No trace of you: a growing humanitarian tragedy

In just one year, more than 3,300 people disappeared while seeking safety in Europe. Behind each one, there’s a family in pain searching for news. Safe passage could help stop this pain.

Last updated 30 August 2023

Watch: For every missing person lost while seeking safety, there's a family in pain

Duration of video: 1:30

“He does not know what happened to his mother, if she was also rescued by a boat or if she died at sea. He simply remarked that his mother had ‘vanished’ or was ‘lost’ in the water.”

Rayeesa, a caseworker in the British Red Cross International Family Tracing team, remembers 17-year-old Jemal well.

“He was from Eritrea originally”, she says.

“He had separated from his mother in the water, which is quite unusual for us because most separation cases happen on the shoreline, where smugglers may forcibly separate families into different boats, or when authorities come to the shoreline and people flee.

“In this case, mother and son had taken a boat together, the boat started to sink and he lost his mother in the water.”

Jemal and the other survivors were rescued, but he doesn’t know what happened to his mother, and the truth is, he might never find out. He just told Rayeesa that he just ‘wanted to find her’. The alternative was too painful to contemplate.

Rayeesa calls this uncertainty ‘ambiguous loss.’

It can be excruciatingly painful because the person doesn’t have the opportunity to grieve. Eventually, the glimmer of hope they cling on to becomes paralysing, stopping them from moving on with their lives.

And with record numbers or people disappearing on the migration route to Europe, more and more refugees are experiencing it.

According to the International Organisation for Migration, more than 3,300 migrants disappeared on their way to Europe in 2021. That’s the same as three packed London tube trains.

These are only the registered cases - the true number is likely to be much higher. This means that thousands of families across the UK are silently suffering, after one or more family members have gone missing along the migration route.

“It’s something to bear in mind when we come across those who have migrated in our daily lives. They might be a young person without their parents, or an adult separated from their children,” Rayeesa says.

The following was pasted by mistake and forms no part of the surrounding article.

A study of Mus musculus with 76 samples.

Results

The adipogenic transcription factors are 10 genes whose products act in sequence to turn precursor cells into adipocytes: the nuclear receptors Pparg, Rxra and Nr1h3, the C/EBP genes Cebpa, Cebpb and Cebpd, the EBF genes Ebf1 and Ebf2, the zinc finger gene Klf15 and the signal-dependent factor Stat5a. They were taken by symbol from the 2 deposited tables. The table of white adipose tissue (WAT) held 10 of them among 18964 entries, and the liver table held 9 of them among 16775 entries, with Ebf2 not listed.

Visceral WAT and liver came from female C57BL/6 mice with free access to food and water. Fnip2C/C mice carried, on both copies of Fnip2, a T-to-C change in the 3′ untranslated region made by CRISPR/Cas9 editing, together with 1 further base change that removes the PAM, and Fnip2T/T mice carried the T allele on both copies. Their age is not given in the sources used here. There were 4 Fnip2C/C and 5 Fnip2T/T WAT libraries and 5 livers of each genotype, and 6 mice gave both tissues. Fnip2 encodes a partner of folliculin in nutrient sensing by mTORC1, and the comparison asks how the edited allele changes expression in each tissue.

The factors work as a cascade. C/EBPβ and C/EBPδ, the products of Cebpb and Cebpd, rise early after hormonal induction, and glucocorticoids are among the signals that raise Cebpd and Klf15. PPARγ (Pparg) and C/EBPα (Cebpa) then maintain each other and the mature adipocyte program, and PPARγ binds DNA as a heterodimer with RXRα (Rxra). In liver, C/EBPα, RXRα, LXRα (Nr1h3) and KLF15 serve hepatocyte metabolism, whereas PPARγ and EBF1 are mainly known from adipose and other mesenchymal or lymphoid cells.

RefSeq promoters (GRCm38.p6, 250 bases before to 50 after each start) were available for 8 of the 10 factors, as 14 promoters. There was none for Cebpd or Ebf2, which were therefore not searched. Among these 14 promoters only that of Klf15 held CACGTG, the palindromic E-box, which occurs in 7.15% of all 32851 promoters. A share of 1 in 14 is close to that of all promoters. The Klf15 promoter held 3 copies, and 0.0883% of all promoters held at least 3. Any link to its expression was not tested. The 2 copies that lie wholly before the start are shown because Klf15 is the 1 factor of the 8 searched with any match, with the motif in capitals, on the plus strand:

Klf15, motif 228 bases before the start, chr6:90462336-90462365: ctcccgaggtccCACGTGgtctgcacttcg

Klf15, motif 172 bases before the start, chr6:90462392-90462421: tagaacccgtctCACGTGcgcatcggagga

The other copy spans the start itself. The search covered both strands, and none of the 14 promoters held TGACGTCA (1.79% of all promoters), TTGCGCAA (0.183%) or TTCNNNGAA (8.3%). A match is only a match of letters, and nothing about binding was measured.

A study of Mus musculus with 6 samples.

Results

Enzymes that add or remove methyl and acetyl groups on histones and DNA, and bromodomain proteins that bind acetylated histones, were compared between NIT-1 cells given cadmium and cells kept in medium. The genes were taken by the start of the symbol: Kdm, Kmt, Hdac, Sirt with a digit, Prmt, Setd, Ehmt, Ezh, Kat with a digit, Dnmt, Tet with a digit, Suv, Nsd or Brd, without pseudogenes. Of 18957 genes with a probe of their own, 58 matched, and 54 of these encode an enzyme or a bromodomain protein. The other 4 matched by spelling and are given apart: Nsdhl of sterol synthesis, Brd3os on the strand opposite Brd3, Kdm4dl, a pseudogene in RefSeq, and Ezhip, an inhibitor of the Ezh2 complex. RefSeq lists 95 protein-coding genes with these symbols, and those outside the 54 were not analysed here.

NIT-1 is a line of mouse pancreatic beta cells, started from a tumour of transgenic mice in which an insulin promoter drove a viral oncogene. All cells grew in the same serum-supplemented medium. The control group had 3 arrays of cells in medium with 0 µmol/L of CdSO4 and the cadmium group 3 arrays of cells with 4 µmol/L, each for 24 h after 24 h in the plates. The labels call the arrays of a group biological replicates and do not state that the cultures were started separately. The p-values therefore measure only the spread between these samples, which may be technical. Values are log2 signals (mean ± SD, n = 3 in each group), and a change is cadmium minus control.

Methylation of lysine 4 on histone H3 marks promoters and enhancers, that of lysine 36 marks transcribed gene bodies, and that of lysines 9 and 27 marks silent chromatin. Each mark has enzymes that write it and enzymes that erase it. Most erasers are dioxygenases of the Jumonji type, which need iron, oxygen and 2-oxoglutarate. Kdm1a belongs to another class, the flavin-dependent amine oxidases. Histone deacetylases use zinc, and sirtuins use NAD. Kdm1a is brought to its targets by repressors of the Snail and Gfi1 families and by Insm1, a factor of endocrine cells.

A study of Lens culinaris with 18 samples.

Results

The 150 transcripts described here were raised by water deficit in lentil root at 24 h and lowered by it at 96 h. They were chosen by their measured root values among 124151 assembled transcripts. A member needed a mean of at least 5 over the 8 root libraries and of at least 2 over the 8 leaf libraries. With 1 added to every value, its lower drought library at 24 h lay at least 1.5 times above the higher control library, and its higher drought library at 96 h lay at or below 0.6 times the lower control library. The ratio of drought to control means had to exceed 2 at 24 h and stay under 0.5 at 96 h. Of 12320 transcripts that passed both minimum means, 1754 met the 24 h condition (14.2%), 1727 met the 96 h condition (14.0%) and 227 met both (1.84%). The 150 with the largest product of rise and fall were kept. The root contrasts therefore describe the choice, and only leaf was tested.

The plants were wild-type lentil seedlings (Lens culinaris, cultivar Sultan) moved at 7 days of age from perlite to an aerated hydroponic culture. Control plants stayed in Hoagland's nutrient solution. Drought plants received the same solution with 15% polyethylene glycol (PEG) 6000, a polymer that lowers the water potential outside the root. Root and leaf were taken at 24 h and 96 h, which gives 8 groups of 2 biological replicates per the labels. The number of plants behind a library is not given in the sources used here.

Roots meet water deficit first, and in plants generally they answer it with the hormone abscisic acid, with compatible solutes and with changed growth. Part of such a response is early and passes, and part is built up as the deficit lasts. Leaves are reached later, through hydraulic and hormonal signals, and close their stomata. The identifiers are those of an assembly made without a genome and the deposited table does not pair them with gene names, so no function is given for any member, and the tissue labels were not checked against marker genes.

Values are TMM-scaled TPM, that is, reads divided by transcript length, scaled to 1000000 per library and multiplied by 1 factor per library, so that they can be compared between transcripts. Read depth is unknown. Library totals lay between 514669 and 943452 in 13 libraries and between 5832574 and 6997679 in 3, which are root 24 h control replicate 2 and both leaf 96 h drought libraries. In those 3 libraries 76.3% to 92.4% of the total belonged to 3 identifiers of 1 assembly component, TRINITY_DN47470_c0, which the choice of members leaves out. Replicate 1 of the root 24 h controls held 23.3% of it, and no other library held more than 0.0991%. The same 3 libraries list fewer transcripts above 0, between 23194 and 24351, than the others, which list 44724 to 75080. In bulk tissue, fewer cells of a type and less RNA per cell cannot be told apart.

“That’s why marking Day of the Disappeared is so important.”

Time doesn’t heal, answers do

The active search for missing loved ones can continue for decades. The Red Cross and Red Crescent Movement works together with families in the search for missing relatives, through their Restoring Family Links programme.

Rayeesa tried to help Jemal find his mother using an online tool called ‘Trace the Face.’ Set up by the Red Cross in 2013, it allows people to post their photo publicly, alongside a reference number and their relationship to their lost loved one.

As a service coordinator, Rayeesa conducts thorough interviews with the service users. She gets as much information as possible on who they are, the person they’re looking for, the circumstances of their separation and potentially the last known address of the person they’re looking for.

In countries where there’s no established postcode system, Rayeesa gets them to draw a map of where they lived in relation to a landmark within a village, town or city.

This information is sent to the central team who coordinate with national societies and the International Committee of the Red Cross, who follow up on tracing overseas.

“A lot of people who are migrating to Europe don’t know their destination,” Rayeesa explains. “All they are told is they’re going to a safe country – many have never heard of the UK.

“They might know, for instance, that they’re going to Greece, but not which island they’re going to.”

“Jamel and his mother may have been heading to either Italy or Greece,” Rayeesa says.

“Without more information, we couldn’t do a search in Greece, but we were able to send a tracing request to the Italian Red Cross to check their records of possible rescues or shipwrecks.”

At this point in the process, Rayeesa explains the three possible outcomes to her service users.

“The first could be a positive trace, which is what we all hope for. The second outcome is unfortunately news of death. The third, which is the most common, is no trace, where we have found no information on the person being searched for.”

For Jemal, the long wait for news begins. His life is also in limbo, as he waits for his refugees status alone, in a country he doesn’t know.

Calling for safe routes

Shockingly, the majority of Rayeesa’s cases now involve unaccompanied children like Jemal, who have arrived in the UK alone and searching for their mothers, fathers, brothers and sisters.

She wants to raise awareness of why people come to the UK and risk their lives and their family’s lives crossing the channel.

“Some people come to the UK because they already know people here, like another family member, or they speak English well.

“They might make the journey because they know there’s an established community of people from their home country in the UK.

“However, the truth is, people often don’t know what country they’re going to. Their main concern is going to a safe place. It doesn’t matter where that is.”

The British Red Cross has been calling for safe passage for migration and effective asylum policies to help prevent people going missing.

As long as people are forced to take dangerous routes and make desperate choices, families will continue to get separated.